Call for Holyrood power to issue bonds rejected

Scottish Parliament building
Image caption MPs are due to vote on plans to give the Scottish Parliament greater tax raising powers

The Treasury has rejected calls for the Scottish government to be able to issue bonds to pay for large infrastructure projects.

The proposal was aimed at financing schemes such as the new Forth bridge.

The UK government insisted it was giving full consideration to a range of recommendations made by Holyrood, during a debate on the Scotland Bill.

These include plans to give the Scottish Parliament greater tax raising powers.

The Commons has been debating the bill, which would allow MSPs to set a separate rate of income tax in Scotland.

Scotland currently receives a block grant from Westminster, which is then spent by the Scottish government.

Borrowing call

During the debate, SNP Treasury spokesman Stewart Hosie said a greater flexibility for Holyrood to borrow should include issuing its own bonds.

Mr Hosie said: "Unlike the UK government the Scottish government has no opportunity to use borrowing to compensate for a forecast decline in income tax revenues in the event of, for example, an anticipated slowdown in the global economy.

"We would have no option in Scotland but to cut spending to match the reduction in revenues at a time when stimulus might be necessary."

Treasury Exchequer Secretary David Gauke said that Scottish borrowing through bonds would be classified as UK borrowing.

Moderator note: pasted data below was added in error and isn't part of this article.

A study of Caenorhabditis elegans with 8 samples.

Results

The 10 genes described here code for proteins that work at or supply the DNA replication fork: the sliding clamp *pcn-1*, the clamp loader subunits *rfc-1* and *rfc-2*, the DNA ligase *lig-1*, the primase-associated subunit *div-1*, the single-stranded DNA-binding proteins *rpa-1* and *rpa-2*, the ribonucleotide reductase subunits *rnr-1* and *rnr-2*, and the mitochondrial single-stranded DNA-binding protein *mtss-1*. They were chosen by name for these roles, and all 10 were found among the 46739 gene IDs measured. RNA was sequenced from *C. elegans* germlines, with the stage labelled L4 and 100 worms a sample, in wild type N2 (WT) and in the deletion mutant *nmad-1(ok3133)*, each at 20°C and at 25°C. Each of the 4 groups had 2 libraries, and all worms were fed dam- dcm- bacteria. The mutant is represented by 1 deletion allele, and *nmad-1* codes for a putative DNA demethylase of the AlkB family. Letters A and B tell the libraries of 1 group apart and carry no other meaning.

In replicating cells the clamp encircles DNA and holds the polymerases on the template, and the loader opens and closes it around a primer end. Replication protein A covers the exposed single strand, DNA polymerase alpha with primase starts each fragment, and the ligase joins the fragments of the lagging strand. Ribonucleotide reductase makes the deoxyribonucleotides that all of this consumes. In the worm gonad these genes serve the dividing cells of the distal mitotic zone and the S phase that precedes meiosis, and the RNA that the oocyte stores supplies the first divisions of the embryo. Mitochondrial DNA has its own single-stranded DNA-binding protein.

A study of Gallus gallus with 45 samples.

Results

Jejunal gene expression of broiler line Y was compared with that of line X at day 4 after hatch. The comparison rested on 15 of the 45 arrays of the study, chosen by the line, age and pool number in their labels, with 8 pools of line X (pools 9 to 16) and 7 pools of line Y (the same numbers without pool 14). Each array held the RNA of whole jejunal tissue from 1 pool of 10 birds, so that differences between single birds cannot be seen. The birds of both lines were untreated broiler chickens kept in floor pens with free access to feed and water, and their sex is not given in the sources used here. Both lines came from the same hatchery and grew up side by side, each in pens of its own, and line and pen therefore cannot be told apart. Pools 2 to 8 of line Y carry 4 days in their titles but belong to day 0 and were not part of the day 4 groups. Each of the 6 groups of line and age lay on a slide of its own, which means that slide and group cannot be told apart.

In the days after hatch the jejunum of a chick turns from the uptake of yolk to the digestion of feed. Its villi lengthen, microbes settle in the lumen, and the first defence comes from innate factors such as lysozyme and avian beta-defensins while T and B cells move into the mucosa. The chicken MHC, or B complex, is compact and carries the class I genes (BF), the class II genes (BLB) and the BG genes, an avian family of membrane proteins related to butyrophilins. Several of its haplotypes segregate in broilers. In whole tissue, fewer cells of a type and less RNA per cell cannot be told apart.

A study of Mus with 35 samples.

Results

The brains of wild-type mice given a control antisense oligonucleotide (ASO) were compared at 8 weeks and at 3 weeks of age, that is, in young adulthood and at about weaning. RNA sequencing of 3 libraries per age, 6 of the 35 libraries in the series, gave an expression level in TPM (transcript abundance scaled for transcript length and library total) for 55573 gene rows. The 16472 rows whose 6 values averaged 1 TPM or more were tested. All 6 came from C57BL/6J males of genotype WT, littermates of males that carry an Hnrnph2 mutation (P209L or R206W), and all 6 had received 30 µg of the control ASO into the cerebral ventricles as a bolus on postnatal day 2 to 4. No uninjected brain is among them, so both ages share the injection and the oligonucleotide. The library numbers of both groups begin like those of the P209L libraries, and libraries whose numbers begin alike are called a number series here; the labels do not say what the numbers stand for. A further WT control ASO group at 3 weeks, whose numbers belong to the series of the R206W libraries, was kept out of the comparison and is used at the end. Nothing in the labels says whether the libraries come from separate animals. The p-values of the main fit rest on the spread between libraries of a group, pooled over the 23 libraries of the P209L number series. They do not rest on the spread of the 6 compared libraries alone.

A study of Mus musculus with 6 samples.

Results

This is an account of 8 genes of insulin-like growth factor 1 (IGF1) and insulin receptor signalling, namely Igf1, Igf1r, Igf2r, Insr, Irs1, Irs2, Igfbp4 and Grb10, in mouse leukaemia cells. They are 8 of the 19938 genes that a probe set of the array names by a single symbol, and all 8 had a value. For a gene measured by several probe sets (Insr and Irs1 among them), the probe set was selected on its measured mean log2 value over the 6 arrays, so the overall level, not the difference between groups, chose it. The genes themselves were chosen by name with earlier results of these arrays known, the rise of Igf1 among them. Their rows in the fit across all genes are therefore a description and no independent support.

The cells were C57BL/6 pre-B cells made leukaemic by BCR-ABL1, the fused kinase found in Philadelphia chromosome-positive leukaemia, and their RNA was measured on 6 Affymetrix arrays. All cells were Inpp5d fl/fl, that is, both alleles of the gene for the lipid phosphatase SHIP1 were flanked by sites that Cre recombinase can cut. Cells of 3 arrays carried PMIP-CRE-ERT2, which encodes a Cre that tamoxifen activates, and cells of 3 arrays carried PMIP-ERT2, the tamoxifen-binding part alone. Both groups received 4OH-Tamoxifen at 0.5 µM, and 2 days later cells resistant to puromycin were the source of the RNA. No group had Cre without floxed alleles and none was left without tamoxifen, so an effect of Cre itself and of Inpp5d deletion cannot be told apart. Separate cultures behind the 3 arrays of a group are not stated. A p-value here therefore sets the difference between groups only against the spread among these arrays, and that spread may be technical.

"As borrowing through bonds is likely to be more expensive than raising finance through UK gilts, these higher costs would be reflected in increased UK debt interest payments," he said.

"This would ultimately be a higher cost to the UK. In these uncertain times, we cannot afford the risk of extending the power to issue bonds."

The SNP called on extra powers to raise and lower taxes on petrol to be devolved, along with powers to raise and lower corporation tax and air passenger duty.

Scottish taxpayers

Mr Gauke also set out when a citizen would be a "Scottish taxpayer", liable for the separate income tax rate, defining it as "a close connection".

He said: "For the majority of people it will be a straightforward question: if they have one place of residence in the UK and that place is in Scotland, they will have a close connection with Scotland and will therefore be a Scottish taxpayer provided they live there for at least part of the year."

Mr Gauke added: "Most people will have no difficulty deciding where their main place of residence is located."

But he said some people struggling to define their main residence would "need to count the number of days they spend in Scotland compared to the number of days they spend elsewhere in the UK".

The debate comes after recommendations by the Calman Commission, which found the devolved Scottish Parliament should be strengthened.

The review was backed by Labour, the Liberal Democrats and the Tories, but was dismissed by the SNP government, which backs full independence for Scotland.

The Commons debate was adjourned until Tuesday.